Veteran with depression takes chance on shelter dog

Charles and Chance selfie

Charles is an Air Force veteran who suffered with a deep and prolonged depression until he took a chance – on a shelter dog named Chance – and regained a sense of purpose in his life. Our thanks to Charles for sharing his tale, and to Big Dog Ranch Rescue for helping us make this story possible.

Chance was shipped to Big Dog Ranch Rescue in Wellington, Florida from a high kill shelter in Georgia. He had only been there a few days when we made our trip to meet some potential dogs available for adoption. We knew right away he was the one. Charles and Chance selfie

I served in the United States Air Force for six years active duty and two years [with the] Air National Guard. Like many 17- and 18-year olds I had no idea what I wanted to do after high school, but I knew college was not for me at the time – even though I played ice hockey and had the chance to play college Hockey. Academically, I was not ready.

I spent the first several months going to different bases in the United States, getting my training and education in electronics to work on F-15 Strike Eagles. After that I spent [more than] three years in Bitburg, Germany. I loved Europe and traveling all over the place there. I even played ice hockey for my base team. Some of the best times I had were doing temporary duty assignments at foreign bases. You got to really know how people from small villages live and appreciate the things you have.

After Germany, I came back stateside and spent a very short few months at Seymour Johnson [AFB] in North Carolina. This base was just transitioning from F-4’s to F-15’s when I got there. Since I had just about four years of experience I was looked at for a lot of guidance during this transition.

Unfortunately, this is the time when Kuwait was invaded.

We were immediately shipped out. We didn’t know where we were going or what was going to be there for us when we arrived, but we knew this is what we trained for and why we volunteered. We did what needed to be done without questions.

The next year-and-a-half is when I think I started to become depressed and didn’t realize it. Charles and Chance on couch

Living in an area that is constantly at war and not knowing what was going to happen day to day was tough. It takes a toll on you mentally. We lost pilots and friends. We heard negative reports from the states. Even though you have plenty of supporters the negative ones seem to reach you the most. Not only that, [but] I believe I missed the people I became close to.

After the war, depression takes a heavy toll

After the military I bounced around. Not knowing why I couldn’t stay in one place or keep a job for more than a year, I just thought I was young and didn’t want to be stuck in one place. I even went through a couple of marriages.

It’s taken me a long time to understand and see what happened. I was depressed and angry. I still fight with it every day.

I did manage to stay in college long enough to get my degree in accounting and take the CPA exam, which has helped give me some confidence back.

I would say my life has really changed a lot over the past few years. I work for an unbelievably great company, been here for four years, and I met someone who tries every day to understand me and work with me on my depression. We have been married for a year now. Since she works for a fire department and is gone for 24 hours at a time she would get worried about leaving me alone, so we discussed getting a dog.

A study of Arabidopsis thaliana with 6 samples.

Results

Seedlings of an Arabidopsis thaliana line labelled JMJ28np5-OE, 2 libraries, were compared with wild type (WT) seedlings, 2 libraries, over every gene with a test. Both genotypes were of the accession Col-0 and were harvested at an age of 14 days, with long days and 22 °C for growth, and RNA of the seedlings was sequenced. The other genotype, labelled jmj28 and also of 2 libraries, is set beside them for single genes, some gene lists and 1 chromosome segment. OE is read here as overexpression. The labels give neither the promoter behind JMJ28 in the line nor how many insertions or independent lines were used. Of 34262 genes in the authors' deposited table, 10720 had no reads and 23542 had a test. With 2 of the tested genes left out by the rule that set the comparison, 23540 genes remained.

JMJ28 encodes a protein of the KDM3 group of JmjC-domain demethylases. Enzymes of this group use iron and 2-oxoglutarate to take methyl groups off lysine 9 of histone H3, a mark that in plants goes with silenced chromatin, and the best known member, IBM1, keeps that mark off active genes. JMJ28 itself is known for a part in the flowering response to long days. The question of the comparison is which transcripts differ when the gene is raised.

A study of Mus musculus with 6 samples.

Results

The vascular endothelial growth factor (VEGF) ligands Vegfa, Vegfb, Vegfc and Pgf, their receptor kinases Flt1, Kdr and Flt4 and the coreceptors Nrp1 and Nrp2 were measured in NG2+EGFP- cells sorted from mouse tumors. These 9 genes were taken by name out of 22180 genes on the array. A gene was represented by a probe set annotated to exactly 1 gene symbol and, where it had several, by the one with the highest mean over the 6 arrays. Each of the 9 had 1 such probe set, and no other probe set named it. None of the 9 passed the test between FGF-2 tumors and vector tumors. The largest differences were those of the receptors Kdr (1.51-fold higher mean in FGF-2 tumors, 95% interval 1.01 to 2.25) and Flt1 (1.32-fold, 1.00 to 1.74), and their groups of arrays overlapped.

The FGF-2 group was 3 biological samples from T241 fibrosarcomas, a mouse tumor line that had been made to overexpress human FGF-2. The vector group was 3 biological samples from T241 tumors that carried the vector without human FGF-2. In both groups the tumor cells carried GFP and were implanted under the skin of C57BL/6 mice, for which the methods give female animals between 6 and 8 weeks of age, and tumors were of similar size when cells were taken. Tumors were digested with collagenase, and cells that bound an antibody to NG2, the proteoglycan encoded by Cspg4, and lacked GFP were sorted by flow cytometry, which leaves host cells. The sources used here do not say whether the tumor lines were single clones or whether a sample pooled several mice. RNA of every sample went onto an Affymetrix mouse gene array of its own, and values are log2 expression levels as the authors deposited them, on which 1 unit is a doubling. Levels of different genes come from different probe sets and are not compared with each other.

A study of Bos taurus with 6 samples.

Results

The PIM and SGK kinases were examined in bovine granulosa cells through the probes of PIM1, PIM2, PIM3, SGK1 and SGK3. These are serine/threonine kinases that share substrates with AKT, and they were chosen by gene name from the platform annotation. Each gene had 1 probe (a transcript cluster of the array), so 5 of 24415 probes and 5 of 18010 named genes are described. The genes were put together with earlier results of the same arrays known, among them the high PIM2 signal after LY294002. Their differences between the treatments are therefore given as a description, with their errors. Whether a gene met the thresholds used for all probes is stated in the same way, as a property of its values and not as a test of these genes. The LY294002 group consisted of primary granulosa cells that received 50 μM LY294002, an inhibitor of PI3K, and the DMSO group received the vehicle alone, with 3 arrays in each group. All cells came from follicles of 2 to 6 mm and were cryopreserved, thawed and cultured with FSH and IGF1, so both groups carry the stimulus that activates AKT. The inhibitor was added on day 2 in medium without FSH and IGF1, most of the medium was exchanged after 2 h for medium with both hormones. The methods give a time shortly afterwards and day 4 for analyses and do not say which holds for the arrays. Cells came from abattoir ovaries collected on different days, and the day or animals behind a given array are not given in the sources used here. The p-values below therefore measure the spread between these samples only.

Take a Chance on me

In February of 2014 I found Pets for Patriots through Big Dog Ranch Rescue and immediately applied.

We actually went to the Ranch a couple of times to meet dogs, but at first none of them felt just right. I knew from past experience that meeting the right dog would have a certain feel to it. Like finding a long lost friend after 15 years. This is where Chance came in.

At first he was a little nervous near me, but he absolutely loved my wife’s son, who is 10. They chased each other for a good 20 minutes and became fast friends. This was one of our requirements: the dog needed to be great with kids. The other two were, being able to bring him to public places and not worry he would hurt someone and finally be dog friendly so we could bring him to play with other dogs. Charles and Chance on beach

He keeps us laughing and playing. He definitely loves to cuddle. He and I have grown very close and pretty much go everywhere we can together. My wife even takes him on Starbucks runs and gets him a cup of ice water there. She puts the cup in the cup holder and he drinks from there.

Chance is definitely my shadow. He loves to sit with me whether I am working out in the garage or sitting on the hill outside of our house. He will just come over [and] sit next to me, and either lean on me or lay his head on me. He helps take a lot of stress away from me and eases my mind if I start to feel depressed.

Chance has been unbelievable. I needed him as much as he needed me.

If you are or know a veteran coping with depression, find out how a companion pet can help.


  1. Sean Brandt

    ptsd dog

  2. Sean Brandt

    looking for a germane shepherd or pit bull for a PTAs service dog. Haven’t found any where I live.

  3. Edward Wendt


    In this article has a dog. I would like to know the breed of this dog. Pleasr let me know if you could. I am trying to ID my grand daughters dos as her dog looks just like this one. We are trying to train the dog and need to know the habits of this breed. Thank you and God keep and bless all veterens and service personnel

    • Beth

      Hi Edward,

      We believe Chance is a Border Collie mix. Hope this helps!